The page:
AN ANGRY Limerick mother of four has called for schools to abide by the 2017 Department of Education decision that pupils should have a choice of wearing generic uniforms with sew-on crests after she was met with a demand for a whole new bespoke uniform.
While the school her children attend has said that the change is needed to modernise uniforms, “the only thing that is different is the colour” the mother – who does not want her name published – told the Limerick Post.
The school has specified that pupils must wear the new specially-crested school jumpers and tracksuits.
The decree wipes out chances of families using hand-me-downs to save money. The school has specified only one outlet to supply the new uniforms, so there are no options for families to shop around either.
The woman included in her communications with the Limerick Post a picture of a pile of more than 20 jumpers and tracksuit tops with an assortment of ties, which will now need to be sent to salvage.
“The new uniform leaves us with no choice but to get rid of old uniforms, except for skirts or trousers. We can’t pass them on to younger siblings or to friends with younger children,” the mother said.
“And, as I look at the big pile of clothes that is now going to the clothes bank, I wonder is post-pandemic and pre-recession a good time to introduce a new uniform? Have the notions of using, reusing, reducing, recycling, upcycling not reached our high-flying green flag schools?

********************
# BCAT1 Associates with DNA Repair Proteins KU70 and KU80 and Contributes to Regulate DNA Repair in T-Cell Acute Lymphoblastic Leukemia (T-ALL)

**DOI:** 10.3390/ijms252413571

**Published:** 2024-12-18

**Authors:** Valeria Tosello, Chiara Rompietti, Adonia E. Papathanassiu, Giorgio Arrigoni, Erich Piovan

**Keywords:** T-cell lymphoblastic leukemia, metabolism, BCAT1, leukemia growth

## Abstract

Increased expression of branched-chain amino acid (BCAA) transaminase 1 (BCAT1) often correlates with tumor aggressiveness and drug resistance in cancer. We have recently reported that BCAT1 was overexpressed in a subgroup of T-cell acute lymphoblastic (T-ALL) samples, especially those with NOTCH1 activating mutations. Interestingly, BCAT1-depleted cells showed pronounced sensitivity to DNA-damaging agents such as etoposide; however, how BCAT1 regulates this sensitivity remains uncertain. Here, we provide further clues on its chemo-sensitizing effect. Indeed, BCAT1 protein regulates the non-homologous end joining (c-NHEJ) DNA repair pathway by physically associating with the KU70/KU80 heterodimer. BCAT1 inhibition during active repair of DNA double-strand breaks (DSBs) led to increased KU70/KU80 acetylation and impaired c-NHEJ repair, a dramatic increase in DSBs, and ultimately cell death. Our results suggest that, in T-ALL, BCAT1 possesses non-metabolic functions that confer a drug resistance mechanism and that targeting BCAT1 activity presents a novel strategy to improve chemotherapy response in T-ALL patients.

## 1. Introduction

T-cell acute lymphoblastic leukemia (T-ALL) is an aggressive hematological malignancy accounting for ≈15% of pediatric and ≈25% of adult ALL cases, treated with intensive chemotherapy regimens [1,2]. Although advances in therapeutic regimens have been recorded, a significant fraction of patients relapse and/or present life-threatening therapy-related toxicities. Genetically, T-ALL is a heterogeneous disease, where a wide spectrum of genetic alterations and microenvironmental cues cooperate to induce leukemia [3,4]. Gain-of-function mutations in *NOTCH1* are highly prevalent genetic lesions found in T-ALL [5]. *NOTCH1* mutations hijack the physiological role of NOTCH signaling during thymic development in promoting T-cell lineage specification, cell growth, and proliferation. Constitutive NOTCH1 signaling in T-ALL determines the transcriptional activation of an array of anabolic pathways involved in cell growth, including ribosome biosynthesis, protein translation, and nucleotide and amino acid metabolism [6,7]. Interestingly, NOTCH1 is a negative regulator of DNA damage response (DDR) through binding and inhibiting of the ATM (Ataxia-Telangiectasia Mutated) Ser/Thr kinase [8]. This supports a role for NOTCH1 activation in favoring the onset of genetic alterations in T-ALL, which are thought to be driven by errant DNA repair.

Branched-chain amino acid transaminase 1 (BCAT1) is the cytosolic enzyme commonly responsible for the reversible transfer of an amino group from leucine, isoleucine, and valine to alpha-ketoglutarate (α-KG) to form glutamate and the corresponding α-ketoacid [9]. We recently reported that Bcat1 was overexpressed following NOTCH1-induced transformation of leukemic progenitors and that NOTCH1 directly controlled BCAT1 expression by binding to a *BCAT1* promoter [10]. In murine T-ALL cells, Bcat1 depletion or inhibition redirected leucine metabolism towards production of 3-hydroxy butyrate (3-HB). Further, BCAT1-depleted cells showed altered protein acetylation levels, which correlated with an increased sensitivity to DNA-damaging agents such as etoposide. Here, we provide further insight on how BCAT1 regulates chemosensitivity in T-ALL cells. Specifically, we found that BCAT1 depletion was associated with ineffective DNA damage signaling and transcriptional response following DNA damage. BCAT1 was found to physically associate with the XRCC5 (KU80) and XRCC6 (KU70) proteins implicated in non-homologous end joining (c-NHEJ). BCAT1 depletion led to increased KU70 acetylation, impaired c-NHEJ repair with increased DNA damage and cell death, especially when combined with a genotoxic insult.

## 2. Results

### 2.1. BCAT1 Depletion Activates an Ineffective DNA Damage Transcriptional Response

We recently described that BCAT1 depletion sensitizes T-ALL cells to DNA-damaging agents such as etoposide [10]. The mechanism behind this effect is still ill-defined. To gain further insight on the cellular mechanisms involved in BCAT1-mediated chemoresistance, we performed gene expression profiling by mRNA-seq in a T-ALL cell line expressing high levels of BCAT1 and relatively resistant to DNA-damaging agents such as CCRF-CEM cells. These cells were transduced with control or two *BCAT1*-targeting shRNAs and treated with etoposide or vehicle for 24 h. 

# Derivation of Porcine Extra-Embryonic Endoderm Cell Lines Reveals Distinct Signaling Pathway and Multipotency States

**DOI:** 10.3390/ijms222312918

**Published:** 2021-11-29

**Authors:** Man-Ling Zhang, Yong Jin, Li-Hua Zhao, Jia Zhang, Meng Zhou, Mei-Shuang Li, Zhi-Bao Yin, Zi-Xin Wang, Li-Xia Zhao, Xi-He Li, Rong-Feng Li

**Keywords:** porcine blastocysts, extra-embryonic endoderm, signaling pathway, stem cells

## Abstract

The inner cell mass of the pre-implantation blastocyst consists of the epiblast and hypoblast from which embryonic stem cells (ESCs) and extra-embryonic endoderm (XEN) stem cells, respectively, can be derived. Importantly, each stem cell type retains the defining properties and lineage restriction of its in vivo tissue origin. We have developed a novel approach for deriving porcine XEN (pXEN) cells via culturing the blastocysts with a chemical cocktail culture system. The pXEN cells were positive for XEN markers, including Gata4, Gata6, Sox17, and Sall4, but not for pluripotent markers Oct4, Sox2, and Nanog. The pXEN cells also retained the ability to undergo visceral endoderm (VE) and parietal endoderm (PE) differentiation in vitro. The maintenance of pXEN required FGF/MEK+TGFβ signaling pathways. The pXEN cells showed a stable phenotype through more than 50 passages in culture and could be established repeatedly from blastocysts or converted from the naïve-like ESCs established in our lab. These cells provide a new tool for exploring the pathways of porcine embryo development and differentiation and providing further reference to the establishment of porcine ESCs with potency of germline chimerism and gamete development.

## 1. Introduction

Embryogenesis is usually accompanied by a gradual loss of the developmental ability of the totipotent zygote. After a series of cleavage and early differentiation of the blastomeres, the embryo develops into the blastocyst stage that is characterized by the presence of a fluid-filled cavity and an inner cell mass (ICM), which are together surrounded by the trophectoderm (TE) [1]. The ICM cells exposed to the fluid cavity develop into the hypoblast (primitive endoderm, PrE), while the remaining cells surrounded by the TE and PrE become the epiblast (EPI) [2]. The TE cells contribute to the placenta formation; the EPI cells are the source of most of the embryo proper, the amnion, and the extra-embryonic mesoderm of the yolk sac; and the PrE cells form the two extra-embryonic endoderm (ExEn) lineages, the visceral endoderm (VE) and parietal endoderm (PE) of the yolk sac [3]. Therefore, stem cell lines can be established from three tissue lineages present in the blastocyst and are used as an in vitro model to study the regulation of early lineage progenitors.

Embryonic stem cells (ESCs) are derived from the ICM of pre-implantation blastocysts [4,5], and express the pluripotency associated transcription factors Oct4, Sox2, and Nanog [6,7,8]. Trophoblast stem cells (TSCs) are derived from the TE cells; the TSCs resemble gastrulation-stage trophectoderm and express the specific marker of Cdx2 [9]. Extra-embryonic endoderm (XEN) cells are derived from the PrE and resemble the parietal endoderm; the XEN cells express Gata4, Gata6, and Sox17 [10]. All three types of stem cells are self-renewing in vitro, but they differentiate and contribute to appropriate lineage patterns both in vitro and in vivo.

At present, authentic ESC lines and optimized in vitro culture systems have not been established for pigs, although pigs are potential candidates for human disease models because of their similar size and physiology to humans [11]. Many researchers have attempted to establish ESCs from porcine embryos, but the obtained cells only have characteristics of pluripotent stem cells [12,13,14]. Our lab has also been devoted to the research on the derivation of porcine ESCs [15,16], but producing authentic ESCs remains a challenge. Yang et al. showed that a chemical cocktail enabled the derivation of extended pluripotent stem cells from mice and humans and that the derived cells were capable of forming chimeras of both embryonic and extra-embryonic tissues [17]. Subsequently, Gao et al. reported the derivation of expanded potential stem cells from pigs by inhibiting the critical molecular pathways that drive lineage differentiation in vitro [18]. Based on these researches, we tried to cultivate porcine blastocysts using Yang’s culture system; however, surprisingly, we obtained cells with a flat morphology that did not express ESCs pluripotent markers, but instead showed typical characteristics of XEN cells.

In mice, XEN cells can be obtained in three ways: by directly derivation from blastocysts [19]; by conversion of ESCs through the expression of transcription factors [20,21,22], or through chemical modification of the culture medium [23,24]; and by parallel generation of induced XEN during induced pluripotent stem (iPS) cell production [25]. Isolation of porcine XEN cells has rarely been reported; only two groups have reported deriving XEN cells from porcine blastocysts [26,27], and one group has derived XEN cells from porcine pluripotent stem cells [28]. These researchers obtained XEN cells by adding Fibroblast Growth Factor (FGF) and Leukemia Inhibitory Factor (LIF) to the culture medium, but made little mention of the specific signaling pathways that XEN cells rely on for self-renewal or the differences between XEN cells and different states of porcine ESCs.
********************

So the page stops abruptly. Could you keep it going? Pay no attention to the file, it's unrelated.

“I’m not having a go at our school alone. Lots of schools seem to be making parents buy crested uniforms.”
The mother priced the difference between the designated and store-specific items the school wants her children to wear with similar items in chain stores.
“The difference is €54 per child. And that’s just for the jumper and tracksuit,” she found.
“The new jumper is of an unusual petrol blue shade – which can’t be found generic – ruling out the cost-reducing option of a stick-on crest.”
The Limerick mother said she is in full favour of children wearing uniforms as it eliminates arguments about what to wear, but the new decree from the school in question means she won’t be able to buy back-up garments so that her children can have a change of clothes if they spill something on themselves or just get dirty and sweaty.
“How in the name of God does doing the same thing in a different colour modernise the uniform? We’re still having a shirt with lots of buttons that little fingers can’t fasten, a woolly jumper that irritates sensitive skins – one of my children has eczema and it drives him mad – a stripy tie that no adult would dare wear, and a formal grey bottom. You can’t even put the jumpers in the dryer.
“Can anyone think outside the box and come up with a modern, eco-friendly, affordable, and child-friendly option that doesn’t add to the financial burden on families at a time when the cost of living is already soaring?” she asked.